Stilettos connote fierceness, stature and style. Grown women wear high heels. Ladies wear heels and at some point in a young girl’s womanhood she will feel the allure of high heels. When I was coming of age, nearing adulthood, I wanted to wear high heels because that’s what my friends did and it meant you were grown-up.
Sneakers and flip-flops were child’s play and if you could walk in a pair of women’s shoes you were indeed on your way.
As I came to love fashion, high heels became a standard part of my style repertoire. A pair of proper shoes made you elegant and you walked with a measure gait; smooth and steady. But the opposite was also true. If you were not accustomed to wearing heels it could be a disastrous experiment. We’ve all seen the girl hobbling in her 5-inch heels. Hell, we’ve probably been her from time to time.
Somewhere between the avant style of the 80’s, the low-key nature of the 90s and the sexed up 00’s, high heels took on a new life. Transforming from walk-able wear, heel heights skyrocketed and Christian Louboutin and Jimmy Choos became the footwear of choice of fashion-forward ladies.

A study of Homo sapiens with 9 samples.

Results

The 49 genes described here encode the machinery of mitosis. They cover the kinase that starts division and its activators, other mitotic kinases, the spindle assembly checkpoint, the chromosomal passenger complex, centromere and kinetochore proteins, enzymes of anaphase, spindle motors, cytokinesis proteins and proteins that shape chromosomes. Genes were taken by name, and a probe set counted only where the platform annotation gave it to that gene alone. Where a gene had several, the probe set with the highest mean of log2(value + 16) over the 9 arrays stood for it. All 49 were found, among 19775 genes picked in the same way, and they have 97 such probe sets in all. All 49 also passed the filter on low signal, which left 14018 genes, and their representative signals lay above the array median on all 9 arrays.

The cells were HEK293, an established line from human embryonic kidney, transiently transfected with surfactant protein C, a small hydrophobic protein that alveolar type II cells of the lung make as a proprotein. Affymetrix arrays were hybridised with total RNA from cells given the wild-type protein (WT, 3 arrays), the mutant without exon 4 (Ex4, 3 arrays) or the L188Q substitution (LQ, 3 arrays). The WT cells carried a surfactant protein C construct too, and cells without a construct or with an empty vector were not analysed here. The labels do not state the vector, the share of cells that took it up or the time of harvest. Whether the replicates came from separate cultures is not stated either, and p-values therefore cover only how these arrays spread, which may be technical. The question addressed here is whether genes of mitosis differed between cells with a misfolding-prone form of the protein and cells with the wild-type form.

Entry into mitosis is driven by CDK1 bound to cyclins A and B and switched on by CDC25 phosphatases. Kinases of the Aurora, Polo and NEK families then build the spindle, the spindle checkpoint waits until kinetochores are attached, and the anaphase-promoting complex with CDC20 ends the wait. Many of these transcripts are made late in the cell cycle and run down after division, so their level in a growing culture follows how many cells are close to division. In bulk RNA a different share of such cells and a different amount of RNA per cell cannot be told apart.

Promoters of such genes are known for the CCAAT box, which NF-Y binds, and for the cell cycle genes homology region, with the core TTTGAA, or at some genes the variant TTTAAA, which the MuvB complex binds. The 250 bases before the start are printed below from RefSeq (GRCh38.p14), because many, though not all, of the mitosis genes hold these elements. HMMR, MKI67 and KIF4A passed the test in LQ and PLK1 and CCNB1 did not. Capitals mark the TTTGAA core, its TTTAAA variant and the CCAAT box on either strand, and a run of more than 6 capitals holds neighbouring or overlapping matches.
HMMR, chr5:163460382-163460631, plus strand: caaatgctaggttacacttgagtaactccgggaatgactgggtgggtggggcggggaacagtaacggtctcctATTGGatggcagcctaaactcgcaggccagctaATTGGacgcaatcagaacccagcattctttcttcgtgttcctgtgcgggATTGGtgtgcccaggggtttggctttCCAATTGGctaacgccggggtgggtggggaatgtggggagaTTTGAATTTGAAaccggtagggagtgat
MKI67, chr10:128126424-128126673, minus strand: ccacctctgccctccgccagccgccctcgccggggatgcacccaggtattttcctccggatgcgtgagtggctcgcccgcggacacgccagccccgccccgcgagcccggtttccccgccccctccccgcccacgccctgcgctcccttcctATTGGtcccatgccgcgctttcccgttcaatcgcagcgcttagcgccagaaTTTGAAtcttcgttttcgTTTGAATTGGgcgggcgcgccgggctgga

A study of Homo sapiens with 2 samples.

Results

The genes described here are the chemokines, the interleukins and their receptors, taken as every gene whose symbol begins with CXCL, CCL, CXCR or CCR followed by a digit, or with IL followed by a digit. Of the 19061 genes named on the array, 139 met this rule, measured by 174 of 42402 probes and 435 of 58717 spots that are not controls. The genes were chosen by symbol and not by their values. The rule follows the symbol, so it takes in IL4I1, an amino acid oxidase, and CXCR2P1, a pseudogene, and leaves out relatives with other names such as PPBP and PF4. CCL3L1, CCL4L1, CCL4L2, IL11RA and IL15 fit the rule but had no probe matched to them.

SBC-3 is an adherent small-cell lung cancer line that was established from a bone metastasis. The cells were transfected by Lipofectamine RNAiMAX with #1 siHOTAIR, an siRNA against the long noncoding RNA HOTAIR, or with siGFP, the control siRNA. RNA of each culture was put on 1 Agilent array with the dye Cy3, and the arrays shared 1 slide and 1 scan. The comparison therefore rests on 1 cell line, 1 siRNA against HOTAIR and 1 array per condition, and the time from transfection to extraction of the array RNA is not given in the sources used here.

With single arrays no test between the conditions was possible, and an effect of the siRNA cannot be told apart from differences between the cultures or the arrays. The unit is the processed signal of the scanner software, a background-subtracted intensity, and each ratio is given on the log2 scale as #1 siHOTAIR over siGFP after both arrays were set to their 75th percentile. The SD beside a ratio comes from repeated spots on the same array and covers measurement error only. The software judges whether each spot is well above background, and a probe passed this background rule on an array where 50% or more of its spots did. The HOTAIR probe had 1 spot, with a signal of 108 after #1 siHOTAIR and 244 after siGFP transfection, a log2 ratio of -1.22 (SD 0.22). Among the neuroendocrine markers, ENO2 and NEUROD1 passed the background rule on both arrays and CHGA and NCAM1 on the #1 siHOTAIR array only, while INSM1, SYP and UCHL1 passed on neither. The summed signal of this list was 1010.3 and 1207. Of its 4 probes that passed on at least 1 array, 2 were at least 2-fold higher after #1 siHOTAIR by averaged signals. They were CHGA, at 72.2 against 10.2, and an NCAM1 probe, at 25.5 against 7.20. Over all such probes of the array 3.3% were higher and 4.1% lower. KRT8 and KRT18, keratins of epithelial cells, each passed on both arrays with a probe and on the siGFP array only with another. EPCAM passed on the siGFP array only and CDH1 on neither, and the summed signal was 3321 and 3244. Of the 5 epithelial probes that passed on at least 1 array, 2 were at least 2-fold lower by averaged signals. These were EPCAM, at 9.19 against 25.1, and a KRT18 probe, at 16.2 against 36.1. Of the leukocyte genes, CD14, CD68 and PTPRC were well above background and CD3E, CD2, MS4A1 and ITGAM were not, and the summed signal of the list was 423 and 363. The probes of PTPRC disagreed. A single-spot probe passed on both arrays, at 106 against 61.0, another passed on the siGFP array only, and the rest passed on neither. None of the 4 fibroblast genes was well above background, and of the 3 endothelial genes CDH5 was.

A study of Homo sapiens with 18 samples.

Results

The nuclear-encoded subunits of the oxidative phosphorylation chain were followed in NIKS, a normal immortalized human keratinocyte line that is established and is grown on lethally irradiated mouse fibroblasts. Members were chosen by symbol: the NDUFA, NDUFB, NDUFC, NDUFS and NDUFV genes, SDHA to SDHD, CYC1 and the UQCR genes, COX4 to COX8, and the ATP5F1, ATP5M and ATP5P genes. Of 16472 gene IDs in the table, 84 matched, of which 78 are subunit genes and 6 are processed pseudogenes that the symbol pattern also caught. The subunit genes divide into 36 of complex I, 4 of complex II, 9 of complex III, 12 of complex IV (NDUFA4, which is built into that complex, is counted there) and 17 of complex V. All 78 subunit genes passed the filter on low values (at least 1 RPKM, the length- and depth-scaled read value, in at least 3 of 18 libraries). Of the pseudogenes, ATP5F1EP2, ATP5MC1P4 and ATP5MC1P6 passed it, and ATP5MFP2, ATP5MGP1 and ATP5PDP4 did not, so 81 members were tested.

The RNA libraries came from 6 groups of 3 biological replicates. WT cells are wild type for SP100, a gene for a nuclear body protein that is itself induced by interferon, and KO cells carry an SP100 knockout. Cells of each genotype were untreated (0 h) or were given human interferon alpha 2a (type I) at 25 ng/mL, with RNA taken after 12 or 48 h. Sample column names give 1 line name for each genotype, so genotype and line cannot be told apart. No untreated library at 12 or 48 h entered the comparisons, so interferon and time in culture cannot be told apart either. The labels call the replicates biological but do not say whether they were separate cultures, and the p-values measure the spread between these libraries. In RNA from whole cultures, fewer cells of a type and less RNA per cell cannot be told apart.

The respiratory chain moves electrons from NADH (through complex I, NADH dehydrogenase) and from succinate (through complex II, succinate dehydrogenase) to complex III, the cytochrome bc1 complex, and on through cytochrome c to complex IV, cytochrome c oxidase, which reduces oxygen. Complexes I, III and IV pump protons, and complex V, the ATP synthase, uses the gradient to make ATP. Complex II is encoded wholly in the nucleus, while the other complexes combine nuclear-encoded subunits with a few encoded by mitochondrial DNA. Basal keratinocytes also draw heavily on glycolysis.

While I still love a spindly stiletto, I also understand the practicality of shoes. Call it growing pains, but the other day I looked at my shoe collection and noticed that I wear approximately 30% of my shoes; the other 70% high heels that barely see the light of day. When I was running wild buying every heel in sight I never thought about how unfeasible heels are.
Now I know plenty of ladies that can wear 5-inch heels like it’s their day job. But I’ve come to grips that I don’t have a chauffeured car nor am I Carrie Bradshaw and while heels are great for dancing they are not all day footwear. Now I’m mixing in wedges and cute flats. While sneakers are making a comeback, I’ve yet to venture to that side of the shoe spectrum.
I’ve loved heels since I was able to wear them and while I don’t plan to forfeit all my vertiginous heels I’m taking measured steps toward a more integrated shoe wardrobe.